The Avinu (Our Father) Prayer

The Avinu Prayer is so much more than a beautiful piece of liturgy.  Its nine statements are full of wisdom on how to live a moral and ethical life in the presence of the Father of all mankind, and in relation to our fellow human beings.  The Avinu Prayer teaches us to love our Creator, to live our lives in a way that sanctifies his name, and to always remember that he is the true King of the World.  The prayer rouses us to do our heavenly King’s will, to recognize him as the all-powerful God of heaven and earth, and to seek nourishment from his perfect Word.  The Aninu Prayer emphasizes the importance of treating our fellow human beings the way we ourselves wish to be treated, admonishing us to have the same compassion and tolerance for our fellow man that we desire for ourselves from God.  The prayer reminds us that our heavenly Father is the Creator of all things and that only he can protect us from the various types of evil that are a part of his creation.  The Avinu Prayer affirms that Almighty Yehovah is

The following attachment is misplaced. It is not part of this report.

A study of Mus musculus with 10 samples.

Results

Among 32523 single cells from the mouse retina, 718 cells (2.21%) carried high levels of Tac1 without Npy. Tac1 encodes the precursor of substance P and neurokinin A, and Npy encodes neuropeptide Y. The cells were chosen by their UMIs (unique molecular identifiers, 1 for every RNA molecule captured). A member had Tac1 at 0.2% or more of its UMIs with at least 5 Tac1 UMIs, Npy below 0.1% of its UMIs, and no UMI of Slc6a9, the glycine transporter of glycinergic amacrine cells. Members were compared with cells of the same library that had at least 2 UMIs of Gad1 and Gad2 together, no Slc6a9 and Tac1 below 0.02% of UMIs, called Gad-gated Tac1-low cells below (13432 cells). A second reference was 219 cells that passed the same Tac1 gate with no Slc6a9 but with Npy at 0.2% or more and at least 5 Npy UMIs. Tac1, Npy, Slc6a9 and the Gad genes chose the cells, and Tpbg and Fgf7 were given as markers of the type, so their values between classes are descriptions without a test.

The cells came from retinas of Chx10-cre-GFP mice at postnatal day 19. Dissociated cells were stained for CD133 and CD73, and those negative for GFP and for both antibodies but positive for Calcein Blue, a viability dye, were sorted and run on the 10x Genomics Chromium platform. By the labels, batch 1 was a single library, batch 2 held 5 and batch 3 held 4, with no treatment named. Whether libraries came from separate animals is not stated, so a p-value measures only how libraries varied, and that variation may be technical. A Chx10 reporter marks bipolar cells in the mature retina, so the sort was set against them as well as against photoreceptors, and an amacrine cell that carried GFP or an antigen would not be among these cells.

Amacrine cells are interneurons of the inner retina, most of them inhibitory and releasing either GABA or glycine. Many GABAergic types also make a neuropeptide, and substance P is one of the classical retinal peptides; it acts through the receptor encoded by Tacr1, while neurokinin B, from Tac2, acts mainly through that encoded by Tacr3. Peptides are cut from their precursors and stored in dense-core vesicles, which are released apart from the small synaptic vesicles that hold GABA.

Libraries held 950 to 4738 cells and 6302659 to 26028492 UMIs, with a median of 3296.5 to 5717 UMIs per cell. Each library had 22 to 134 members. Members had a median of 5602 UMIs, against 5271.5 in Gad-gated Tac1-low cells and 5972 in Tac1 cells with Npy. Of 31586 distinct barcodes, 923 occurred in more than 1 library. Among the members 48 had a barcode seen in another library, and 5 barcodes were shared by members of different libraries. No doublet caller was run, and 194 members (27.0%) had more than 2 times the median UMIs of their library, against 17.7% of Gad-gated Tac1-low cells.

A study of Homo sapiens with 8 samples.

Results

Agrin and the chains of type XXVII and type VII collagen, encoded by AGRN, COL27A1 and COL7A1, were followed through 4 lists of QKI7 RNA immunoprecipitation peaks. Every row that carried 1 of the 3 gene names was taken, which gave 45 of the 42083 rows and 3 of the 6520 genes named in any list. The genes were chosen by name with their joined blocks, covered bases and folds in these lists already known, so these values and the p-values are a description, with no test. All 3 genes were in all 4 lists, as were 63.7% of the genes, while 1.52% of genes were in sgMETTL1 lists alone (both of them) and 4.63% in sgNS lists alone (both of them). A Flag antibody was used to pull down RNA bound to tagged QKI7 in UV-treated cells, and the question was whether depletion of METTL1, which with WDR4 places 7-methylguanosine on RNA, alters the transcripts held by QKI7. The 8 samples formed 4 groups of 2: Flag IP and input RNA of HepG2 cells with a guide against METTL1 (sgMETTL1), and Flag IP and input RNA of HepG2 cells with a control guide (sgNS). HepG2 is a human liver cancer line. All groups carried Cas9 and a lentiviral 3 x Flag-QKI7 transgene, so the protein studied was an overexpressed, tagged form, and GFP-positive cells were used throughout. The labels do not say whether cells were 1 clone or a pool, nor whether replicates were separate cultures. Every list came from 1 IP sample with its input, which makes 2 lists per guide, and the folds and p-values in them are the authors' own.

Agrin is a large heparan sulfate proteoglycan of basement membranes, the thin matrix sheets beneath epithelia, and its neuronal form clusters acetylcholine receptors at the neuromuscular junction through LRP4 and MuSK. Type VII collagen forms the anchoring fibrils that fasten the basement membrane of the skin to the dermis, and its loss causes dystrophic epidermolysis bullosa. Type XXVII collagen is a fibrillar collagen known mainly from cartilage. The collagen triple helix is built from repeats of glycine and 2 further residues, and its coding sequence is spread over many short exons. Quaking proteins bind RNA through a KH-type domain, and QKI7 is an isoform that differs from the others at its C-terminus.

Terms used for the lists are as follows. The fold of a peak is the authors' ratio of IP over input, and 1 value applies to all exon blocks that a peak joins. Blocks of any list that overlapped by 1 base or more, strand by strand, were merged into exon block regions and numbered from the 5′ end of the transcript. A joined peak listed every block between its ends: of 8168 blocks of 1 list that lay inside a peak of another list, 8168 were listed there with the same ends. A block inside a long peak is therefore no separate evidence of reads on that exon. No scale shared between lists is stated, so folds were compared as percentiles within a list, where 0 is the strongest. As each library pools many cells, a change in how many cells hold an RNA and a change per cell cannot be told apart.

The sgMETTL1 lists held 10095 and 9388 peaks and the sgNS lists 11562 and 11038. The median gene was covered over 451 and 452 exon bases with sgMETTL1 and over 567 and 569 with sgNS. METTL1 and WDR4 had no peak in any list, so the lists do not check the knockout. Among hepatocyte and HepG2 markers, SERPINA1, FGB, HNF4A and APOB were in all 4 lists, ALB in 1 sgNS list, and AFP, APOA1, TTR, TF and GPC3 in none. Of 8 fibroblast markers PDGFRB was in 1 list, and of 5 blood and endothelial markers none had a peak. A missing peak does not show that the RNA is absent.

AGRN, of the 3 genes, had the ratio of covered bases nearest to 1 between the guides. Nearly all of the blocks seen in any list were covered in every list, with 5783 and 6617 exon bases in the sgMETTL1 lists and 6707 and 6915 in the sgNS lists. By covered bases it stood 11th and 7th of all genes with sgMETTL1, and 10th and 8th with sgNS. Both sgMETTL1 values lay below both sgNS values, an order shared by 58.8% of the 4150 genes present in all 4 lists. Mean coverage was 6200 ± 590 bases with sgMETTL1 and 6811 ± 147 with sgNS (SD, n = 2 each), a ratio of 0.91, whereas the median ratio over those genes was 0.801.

the source of both good and evil and that he administers both the test and the reward.

Source:  A Prayer To Our Father - The Last Word, pages 173 & 175

Note:  This Hebrew Matthew text was transliterated into English from the Aleppo Codex, copied in Tiberius by a Karaite Jewish

scribe named Aaron Ben-Asher in the year 924 CE.  Nehemia Gordon (has worked as a translator on the Dead Sea Scrolls and a

researcher deciphering ancient Hebrew manuscripts) is known as a Karaite Jew (Jewish Scripturalist) - the approach used, is

known as
peshat, translating a Hebrew word as the “plain meaning.”  The “plain meaning” of Scripture is the meaning that could

be understood by a child, hearing it read aloud for the first time.